The Ottawa Senators’ playoff chances are in jeopardy — 31 games into the season.
For those who respond saying ‘how is that possible? There’s 51 games still to be played’, things are very different this year. For starters, the playoff seeding format is now divisional and no longer conference-based. This means that, instead of simply taking the top eight teams from each conference and slotting ranks one versus eight and so on, the top three teams from each division are guaranteed a playoff spot. The last four playoff teams ( next two top teams from each conference) are determined through the wild card, regardless of the division they’re in. This guarantees that the true top eight teams of each conference get into the post-season and eliminates situations where a team would finish top three in the conference despite having less points than the fourth-placed team. For example, last season’s Washington Capitals.
Now, how does this make things more difficult for the Sens? Well, if the playoff format was the same this season as it was in recent seasons, the team would currently be two points out of a standard playoff spot. With the re-aligned divisions and newly implemented playoff seeding setup, the team is eight points back of a divisional playoff spot, and six points short of the last wild card. In a perfect Ottawa Senator world, they would need three to four straight wins to be tied for a playoff position, let alone to secure one. And that would coincide with the assumption that all the other top eastern conference teams all lost four straight games concurrently. Not likely.
On sportsclubstats.com, Ottawa’s most viable way into the playoffs (better than a 50-50 chance) would be if they were a 91-point team by season’s end. In order to obtain 91 points, they would have to go 28-17-6 (.607 point percentage) in their next 51 games. Another way of approaching it would be that they need 62 points in their next 51 games in order to have a 62.2 per cent chance of making the playoffs. That would mean going on mini and substantial winning streaks with limited room for losses. The only time the Ottawa Senators won 2 games in a row was in early November when they beat the Montreal Canadiens and Florida Panthers in succession. The team’s longest winning streak is three games and they have only been on that streak once.
Even if they went 24-21-6 (.529 point percentage) over the next 51 games, they would have a longshot 0.6 per cent chance at a playoff spot. At their current pace, they have a 18.2 per cent chance, and that number will progressively shrink if they continue at the same rate. To add context, Toronto, currently six points ahead of Ottawa, has a 63.8 per cent chance of making the playoffs, and they’re only four points clear of the Carolina Hurricanes for the final wild card.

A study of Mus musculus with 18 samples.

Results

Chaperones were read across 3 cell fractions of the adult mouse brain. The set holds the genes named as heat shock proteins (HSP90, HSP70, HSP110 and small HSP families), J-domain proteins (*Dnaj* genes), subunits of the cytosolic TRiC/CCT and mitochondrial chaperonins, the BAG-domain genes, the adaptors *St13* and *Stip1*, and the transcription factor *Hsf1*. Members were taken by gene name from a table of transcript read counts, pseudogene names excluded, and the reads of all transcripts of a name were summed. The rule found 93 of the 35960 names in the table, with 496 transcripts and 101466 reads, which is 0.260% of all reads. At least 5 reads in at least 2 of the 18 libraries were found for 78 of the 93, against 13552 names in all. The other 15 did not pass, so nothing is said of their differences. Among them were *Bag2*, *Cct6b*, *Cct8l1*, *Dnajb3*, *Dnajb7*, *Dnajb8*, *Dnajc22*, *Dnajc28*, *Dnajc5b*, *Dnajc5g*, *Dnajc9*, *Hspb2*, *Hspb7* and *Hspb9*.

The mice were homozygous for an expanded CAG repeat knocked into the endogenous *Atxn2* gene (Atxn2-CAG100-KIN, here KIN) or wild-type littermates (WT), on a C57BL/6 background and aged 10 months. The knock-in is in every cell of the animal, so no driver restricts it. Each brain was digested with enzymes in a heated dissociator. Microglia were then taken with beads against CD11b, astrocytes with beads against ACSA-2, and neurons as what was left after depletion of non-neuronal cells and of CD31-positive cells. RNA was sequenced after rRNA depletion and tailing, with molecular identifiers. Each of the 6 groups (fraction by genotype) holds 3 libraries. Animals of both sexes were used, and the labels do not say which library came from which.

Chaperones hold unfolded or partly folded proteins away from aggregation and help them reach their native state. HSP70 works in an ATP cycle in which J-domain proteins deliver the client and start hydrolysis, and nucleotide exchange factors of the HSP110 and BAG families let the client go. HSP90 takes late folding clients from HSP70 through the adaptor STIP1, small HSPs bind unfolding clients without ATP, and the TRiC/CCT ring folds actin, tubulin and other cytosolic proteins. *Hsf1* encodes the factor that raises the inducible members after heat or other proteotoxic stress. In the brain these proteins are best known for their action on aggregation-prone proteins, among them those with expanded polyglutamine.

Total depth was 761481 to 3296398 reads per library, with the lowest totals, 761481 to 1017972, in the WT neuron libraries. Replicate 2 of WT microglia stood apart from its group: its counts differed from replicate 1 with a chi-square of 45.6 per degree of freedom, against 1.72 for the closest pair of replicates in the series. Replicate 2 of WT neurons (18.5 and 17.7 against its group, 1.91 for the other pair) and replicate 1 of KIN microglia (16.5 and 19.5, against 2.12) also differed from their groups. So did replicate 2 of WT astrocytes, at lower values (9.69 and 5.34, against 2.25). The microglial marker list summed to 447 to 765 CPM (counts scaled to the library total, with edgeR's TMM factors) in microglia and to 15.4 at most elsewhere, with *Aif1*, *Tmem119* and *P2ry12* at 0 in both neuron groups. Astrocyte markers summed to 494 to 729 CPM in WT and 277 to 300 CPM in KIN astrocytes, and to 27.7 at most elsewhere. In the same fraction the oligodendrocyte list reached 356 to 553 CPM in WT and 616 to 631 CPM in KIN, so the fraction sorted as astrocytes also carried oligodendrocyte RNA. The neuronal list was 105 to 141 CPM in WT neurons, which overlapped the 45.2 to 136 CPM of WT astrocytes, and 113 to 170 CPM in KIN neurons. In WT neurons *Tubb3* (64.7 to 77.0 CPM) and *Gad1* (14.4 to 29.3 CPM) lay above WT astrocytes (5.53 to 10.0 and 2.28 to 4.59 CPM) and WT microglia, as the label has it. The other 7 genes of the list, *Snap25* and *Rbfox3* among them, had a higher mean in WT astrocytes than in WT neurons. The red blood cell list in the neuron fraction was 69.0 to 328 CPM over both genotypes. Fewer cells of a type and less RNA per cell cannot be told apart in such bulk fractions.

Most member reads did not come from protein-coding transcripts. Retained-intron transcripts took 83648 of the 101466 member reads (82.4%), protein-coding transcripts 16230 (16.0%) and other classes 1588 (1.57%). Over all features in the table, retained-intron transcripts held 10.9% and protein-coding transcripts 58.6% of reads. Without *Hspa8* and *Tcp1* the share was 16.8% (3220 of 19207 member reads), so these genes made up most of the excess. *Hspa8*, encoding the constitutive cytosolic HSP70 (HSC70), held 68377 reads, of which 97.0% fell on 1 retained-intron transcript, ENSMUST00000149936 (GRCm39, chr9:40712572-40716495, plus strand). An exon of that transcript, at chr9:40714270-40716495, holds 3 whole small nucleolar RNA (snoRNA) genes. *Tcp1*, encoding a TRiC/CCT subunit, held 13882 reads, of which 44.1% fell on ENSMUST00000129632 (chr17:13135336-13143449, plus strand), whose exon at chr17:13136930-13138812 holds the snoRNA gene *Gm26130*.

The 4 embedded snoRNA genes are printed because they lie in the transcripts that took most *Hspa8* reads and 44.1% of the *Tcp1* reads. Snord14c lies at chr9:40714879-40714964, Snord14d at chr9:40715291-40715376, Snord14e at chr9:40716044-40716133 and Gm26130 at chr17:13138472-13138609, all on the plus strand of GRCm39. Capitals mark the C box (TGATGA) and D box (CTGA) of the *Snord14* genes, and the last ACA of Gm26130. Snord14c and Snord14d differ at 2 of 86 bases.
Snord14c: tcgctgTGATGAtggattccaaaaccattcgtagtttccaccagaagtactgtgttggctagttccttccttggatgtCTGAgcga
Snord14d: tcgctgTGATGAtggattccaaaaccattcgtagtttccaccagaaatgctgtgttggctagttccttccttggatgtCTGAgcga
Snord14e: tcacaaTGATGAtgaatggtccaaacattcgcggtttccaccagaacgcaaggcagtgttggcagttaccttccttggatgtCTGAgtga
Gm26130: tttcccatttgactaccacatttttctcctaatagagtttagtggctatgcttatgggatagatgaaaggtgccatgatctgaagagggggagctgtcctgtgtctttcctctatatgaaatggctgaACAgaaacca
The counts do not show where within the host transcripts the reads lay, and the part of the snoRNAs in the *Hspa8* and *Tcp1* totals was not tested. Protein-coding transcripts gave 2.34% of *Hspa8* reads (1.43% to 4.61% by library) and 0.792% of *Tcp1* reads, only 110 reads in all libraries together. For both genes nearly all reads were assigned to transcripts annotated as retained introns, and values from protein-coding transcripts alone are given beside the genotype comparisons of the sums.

Note: These percentages change every time a competitive eastern conference team plays. Percentages as of Dec. 10, 2:07 A.M.
With 51 games remaining, clearly the Senators have to beat good teams, and take out division rivals to keep their playoff hopes alive. Consistency is necessary if that is to happen. And to be clear, the better-than-50-50 scenario of making the playoffs would likely involve securing one of the wild cards. The wild card teams play the two best conference finishers — so even after an extremely strong second half, one of those wild cards would guarantee a round one date with the Pittsburgh Penguins or Boston Bruins.
This may seem like a daunting potentiality, however, the Sens have an excellent record against their division (7-2-2), and good record against Eastern conference teams in general (11-6-3). But Western conference teams have been a challenge for even the top teams in the east. Ottawa has an agonizing 1-8-2 record against the West thus far and that’ll need to improve as 15 of their last 51 games are against John Wayne and the gang. Just another perk of re-alignment.
Despite it not showing up on the scoreboard, Ottawa’s play has been more consistent of late. Their shootout victory against the Philadelphia Flyers Monday marked the seventh game in a row where they’ve outshot opponents, and in four of those seven, kept them under 30 shots. It’s not representative of an elite squad, but for a team that’s struggled with inconsistency and defence, it’s certainly an improvement. Monday’s win was not an easy one by any means, but it was a true victory instead of a morale one for a change — exactly what they need going forward.
Other areas of their game that have improved in their consistency include the face-off circle and discipline. In the past seven games where they outshot teams, they won the majority of face-offs in six of them. All in all, the team has been dangerous in the offensive zone for the whole season. And they’re still taking penalties, just not as often as they had been ten games ago.
If they’re able to tighten up in their own end, or at least improve in it, look for them to make up serious ground in the Atlantic division.
If the Senators make the playoffs with a strong second half, they will effectively have proven that they belong there. The coaching staff believes they do, and if that’s a reality they want to live in, they need to start putting wins together effective this week. And beating the Flyers was a good start.
Every game is key going forward. Whether it’s their home-and-home with the lowly Buffalo Sabres, or their date with the Los Angeles Kings to close out the week, there are no off nights. There is no late-season surge.
Yes — 31 games into the regular season, the Ottawa Senators are fighting for their post-season lives.